The invention of opioids as a class of medications to alleviate pain was a revolution. It has given physicians the ability to ease suffering at the end of life and to ease the pain of acutely traumatic injuries and post-operative recovery.
Whether it’s for an 8-year-old with 80 percent of her body covered in burns or a 65-year-old man with Stage 4 prostate cancer, intravenous narcotics have allowed physicians to lighten the burden of intolerable pain.
Narcotics were never meant to be a long-term solution. They are a short-term relief for severe pain.
With this relief has come unfortunate abuse and addiction.
I suspect most of us have been touched by prescription drug addiction in some form – either our own struggles or watching a loved one battle with it.
Many physicians have come to realize that long-term pain relief must be accomplished without narcotic drugs. Research is very clear: long-term narcotics usage shortens life spans and subjects the users to risks such as inadvertent drug overdoses.
According to some research in Florida, narcotics use directly relates to children of prescription opiate users going into foster care, as their parents just can’t care for them.
But what do we do without narcotics as a drug class?
We look at other drug classes, hands-on therapies (massage, acupuncture, physical, myofascial release, etc.) and challenges ourselves to continue to develop other treatment modalities.
Not everything can be fixed with surgery. Surgery is an answer to severe dysfunction that our own bodies have been unable to overcome.
It is the point at which an invasive and sometimes physically rough surgery is a better choice than what your body is doing at that moment.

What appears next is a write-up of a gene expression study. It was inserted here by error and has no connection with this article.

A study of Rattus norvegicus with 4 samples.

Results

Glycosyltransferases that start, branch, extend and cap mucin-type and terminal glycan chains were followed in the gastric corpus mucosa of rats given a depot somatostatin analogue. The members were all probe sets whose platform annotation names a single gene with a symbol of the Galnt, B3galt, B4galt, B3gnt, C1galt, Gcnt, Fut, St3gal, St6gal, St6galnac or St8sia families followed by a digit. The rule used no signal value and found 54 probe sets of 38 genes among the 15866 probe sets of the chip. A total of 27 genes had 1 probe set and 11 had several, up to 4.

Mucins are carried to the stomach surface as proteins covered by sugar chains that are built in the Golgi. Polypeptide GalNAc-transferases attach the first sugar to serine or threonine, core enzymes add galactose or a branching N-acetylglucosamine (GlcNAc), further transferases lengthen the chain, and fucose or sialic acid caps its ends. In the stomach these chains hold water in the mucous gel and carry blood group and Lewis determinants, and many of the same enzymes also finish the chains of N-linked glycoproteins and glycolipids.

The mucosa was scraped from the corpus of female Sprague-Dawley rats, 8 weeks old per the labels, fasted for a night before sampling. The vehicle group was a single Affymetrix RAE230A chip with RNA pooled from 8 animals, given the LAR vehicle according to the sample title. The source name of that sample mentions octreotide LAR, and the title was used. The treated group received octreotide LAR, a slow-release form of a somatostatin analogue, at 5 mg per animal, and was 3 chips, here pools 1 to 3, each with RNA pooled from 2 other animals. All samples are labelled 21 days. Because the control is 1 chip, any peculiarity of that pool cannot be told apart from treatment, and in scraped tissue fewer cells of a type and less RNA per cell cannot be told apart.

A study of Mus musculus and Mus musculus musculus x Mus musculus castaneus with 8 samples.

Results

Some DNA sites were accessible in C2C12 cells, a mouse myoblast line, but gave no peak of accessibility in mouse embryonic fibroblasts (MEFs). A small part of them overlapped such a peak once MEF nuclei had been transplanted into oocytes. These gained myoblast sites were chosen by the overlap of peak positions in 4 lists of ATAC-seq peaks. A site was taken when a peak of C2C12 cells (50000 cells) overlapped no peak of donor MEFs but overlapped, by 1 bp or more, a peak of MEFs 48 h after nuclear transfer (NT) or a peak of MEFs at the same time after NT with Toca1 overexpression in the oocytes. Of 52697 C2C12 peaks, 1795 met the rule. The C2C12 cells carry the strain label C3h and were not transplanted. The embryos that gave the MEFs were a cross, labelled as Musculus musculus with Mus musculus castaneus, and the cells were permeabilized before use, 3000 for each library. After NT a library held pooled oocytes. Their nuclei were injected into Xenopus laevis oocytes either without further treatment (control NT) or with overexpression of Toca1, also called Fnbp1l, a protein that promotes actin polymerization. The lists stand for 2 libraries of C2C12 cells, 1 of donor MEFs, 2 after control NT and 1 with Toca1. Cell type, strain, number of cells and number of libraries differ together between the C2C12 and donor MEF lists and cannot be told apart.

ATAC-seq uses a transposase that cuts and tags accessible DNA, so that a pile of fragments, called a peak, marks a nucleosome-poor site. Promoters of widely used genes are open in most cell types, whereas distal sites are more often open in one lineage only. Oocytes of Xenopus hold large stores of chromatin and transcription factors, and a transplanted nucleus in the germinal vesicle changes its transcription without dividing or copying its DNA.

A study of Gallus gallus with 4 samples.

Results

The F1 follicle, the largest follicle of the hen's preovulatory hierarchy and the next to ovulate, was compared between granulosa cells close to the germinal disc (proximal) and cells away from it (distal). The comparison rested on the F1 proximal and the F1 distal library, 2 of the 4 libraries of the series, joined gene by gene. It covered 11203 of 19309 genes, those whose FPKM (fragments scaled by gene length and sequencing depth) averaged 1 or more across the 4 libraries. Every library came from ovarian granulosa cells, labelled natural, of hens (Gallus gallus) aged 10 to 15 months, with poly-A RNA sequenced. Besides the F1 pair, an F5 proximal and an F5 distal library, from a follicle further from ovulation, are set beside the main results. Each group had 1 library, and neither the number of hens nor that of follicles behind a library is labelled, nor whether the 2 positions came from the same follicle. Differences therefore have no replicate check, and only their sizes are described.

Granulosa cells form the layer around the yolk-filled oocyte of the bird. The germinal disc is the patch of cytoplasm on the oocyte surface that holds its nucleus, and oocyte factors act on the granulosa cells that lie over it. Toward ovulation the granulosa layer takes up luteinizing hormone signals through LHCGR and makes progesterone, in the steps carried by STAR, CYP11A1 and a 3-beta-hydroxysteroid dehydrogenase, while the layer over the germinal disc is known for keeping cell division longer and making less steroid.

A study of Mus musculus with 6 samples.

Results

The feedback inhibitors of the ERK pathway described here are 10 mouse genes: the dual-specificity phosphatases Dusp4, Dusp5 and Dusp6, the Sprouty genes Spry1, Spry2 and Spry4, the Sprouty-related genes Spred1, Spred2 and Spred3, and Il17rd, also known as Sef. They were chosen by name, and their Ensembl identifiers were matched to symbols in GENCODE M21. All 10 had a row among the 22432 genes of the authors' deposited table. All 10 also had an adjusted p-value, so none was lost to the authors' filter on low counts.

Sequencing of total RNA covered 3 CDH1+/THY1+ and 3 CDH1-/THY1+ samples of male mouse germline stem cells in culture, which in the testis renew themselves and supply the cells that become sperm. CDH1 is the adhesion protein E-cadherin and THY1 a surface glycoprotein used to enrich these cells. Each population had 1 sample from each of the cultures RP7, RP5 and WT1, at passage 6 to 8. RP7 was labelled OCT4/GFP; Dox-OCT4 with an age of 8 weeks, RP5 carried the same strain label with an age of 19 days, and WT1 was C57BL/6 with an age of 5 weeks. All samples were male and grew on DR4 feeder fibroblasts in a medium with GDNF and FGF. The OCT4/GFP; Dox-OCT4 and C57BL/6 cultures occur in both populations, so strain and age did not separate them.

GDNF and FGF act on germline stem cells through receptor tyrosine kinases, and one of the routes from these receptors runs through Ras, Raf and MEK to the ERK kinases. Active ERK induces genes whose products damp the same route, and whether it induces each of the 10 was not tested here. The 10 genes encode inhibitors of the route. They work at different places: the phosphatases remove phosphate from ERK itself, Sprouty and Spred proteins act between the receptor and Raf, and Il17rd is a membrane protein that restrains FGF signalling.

There is certainly a need for surgical interventions in some cases. But it is always a good day when a patient safely avoids a trip to the operating room.
It’s been a while since we have a seen another huge section of medicine evolve, but stem cell therapy is revolutionizing how we treat disease.
The dream is that we can correct disease and dysfunction on a cellular level, rather than with invasive surgeries or medications with all sorts of adverse effects.
What if we could turn off the expression of the gene that causes Huntington’s dementia?
What if we could fix those abnormal chloride channels that cause cystic fibrosis?
What if we could trigger our own bodies to regrow tissues that have worn out?
We are in the infancy of stem cell technology and therapies. Already, we are witnessing the healing and return to function it is providing to chronic degenerative joints and other musculoskeletal injuries.
Our bodies were made for motion and function – even in our later years. I am excited to see stem cells contributing to that return to function and maintenance of a healthy and functional musculoskeletal system in a minimally invasive way.
Dr. Heather Hinshelwood specializes in emergency medicine and also practices at Fraum Chiropractic Life Center on Hilton Head Island, utilizing stem cell therapy.